We all love to eat, but it’s no secret certain meals are much better for our bodies than others. Some ingredients, most often vegetables, are hailed as “super foods” that provide many nutrients and may help prevent illness. But how do researchers discover which foods defend us from diseases like cancer?

Usually, scientists rely on population studies to make associations between certain foods and cancer prevention. Participants track their diet in a log, which can lead to unreliable data — people forget things, and they sometimes alter their records to appear more favorably to researchers. A team of scientists from the Georgetown Lombardi Comprehensive Cancer Center in Washington say they’ve found a better way.

The researchers have developed a method that can efficiently assess the levels of specific food compounds in human urine — in other words, they can find a food journal in your pee. They say the tool could replace current methods used in population studies, making it easier to identify the effects of diet and particular foods on cancer. For the study, the team looked at cruciferous vegetables, including Brussels sprouts, cabbage, cauliflower, and watercress, which have previously shown protective benefits against lung cancer.

“We know these foods are beneficial to health, and the ten-minute method we developed, which can test for the presence of specific compounds linked to these vegetables, will help researchers quantify exactly how much of these molecules are being consumed,” said lead author Dr. Marcin Dyba of Georgetown Lombardi.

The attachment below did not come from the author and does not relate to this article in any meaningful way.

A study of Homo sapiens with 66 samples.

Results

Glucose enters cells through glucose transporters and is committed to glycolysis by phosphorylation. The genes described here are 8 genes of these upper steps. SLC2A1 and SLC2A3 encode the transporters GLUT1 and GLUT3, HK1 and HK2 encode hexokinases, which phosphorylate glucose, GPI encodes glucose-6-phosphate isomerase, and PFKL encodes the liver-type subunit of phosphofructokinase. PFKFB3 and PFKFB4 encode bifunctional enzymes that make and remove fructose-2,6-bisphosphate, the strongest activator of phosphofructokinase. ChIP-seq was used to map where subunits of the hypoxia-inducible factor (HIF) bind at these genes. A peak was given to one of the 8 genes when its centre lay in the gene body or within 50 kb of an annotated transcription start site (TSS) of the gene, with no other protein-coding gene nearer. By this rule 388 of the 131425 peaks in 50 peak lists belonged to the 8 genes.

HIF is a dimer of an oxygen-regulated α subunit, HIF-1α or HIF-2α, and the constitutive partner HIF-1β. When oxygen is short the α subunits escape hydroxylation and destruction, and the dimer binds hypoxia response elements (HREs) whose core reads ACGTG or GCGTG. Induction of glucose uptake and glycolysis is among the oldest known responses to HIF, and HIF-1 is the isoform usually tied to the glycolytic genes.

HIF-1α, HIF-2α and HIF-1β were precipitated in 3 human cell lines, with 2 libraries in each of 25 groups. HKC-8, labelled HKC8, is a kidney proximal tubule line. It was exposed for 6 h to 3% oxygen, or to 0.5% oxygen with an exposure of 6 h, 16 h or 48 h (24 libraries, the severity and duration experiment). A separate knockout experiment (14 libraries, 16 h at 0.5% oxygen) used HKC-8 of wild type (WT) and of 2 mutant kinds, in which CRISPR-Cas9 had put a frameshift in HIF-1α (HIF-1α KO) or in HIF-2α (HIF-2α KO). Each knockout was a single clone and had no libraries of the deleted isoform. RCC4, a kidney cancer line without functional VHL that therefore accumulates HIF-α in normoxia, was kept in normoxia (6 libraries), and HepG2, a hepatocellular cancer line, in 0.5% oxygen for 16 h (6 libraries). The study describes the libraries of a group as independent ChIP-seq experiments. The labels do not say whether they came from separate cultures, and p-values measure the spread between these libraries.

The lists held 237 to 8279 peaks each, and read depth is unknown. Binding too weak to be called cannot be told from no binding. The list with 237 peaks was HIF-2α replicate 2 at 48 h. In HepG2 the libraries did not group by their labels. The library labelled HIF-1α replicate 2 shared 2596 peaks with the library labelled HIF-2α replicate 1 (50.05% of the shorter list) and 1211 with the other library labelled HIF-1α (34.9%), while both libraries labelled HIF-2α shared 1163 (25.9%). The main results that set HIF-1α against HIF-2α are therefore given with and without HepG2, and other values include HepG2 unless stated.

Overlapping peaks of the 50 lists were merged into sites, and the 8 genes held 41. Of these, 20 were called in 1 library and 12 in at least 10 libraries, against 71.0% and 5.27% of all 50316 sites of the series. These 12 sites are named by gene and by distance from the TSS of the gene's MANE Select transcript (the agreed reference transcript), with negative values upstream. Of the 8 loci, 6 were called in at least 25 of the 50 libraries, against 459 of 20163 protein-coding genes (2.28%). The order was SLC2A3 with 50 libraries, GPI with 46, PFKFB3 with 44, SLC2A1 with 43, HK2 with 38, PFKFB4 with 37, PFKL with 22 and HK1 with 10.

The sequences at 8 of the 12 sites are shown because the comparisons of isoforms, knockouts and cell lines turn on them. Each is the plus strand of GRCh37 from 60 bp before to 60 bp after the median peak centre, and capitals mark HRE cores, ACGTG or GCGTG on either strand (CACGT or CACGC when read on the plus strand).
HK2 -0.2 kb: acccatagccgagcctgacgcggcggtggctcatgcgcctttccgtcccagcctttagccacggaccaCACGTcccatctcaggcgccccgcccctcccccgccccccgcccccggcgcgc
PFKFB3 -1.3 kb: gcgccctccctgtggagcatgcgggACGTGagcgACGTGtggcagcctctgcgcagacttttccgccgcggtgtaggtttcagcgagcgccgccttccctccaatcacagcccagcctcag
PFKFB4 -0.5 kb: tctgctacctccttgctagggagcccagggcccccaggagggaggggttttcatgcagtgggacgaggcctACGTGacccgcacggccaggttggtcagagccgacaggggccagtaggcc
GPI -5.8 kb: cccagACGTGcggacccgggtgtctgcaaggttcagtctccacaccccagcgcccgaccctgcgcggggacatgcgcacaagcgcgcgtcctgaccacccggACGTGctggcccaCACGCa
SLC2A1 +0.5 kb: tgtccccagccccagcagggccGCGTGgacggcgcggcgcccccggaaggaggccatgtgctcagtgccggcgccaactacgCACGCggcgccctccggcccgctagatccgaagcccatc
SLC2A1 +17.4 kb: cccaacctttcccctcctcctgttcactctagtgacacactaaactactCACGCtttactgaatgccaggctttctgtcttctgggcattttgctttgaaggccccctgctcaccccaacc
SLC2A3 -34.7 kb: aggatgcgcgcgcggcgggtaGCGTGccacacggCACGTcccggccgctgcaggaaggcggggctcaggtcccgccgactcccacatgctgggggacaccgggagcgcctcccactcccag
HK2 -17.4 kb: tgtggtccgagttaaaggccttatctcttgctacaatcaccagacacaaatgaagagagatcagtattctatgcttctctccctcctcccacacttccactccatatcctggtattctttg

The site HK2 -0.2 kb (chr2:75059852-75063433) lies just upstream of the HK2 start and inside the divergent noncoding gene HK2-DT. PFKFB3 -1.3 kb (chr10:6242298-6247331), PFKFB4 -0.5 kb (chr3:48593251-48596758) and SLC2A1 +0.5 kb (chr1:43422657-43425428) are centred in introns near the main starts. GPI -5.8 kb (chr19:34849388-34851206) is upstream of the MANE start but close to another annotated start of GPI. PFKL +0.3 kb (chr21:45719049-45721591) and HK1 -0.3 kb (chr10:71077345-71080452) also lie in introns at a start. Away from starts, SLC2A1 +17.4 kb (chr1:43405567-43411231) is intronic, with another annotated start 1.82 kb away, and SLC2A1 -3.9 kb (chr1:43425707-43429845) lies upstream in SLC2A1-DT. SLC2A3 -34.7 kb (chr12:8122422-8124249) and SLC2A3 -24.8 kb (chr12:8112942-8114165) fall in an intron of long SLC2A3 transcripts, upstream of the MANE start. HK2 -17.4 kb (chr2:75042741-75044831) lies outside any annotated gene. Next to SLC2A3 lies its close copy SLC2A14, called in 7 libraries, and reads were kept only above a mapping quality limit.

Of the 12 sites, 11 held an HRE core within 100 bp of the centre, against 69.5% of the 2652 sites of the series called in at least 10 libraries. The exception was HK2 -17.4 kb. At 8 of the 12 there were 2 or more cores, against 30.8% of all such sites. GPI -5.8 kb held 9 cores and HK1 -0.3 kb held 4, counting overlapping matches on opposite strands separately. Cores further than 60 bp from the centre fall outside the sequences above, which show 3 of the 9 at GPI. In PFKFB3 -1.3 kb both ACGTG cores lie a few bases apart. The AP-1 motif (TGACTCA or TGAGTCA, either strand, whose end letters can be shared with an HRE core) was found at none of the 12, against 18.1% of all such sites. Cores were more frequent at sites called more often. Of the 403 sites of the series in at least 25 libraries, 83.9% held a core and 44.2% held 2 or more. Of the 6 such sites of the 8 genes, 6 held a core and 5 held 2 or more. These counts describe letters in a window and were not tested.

Dyba, who will present the findings at the annual meeting of the American Association for Cancer Research on April 18, explained that the urine test will also allow scientists to see which food compounds have the strongest association with cancer prevention. This could be tested in animal models, and if any molecules prove to be significantly protective, public health officials could strengthen dietary recommendations.

“We are very interested in understanding how and why the compounds work,” Dyba said. “You couldn’t do this work just using self-reported food logs.”

The test looks for specific members of the isothiocyanates (ITCs) family, along with other compounds found in cruciferous vegetables. Studies on animals and cells have shown that different ITCs have various anticancer properties, meaning they aren’t all equal in protecting against the disease, according to Dyba.

“We developed our test because there has been no way to find out which specific ITCs work best.”

Source: Chung F, Adams-Haduch J, Dyba M. A LC-MS/MS method to quantify specific dietary isothiocyanates in human urine for epidemiological studies. AACR Annual Meeting 2016. 2016.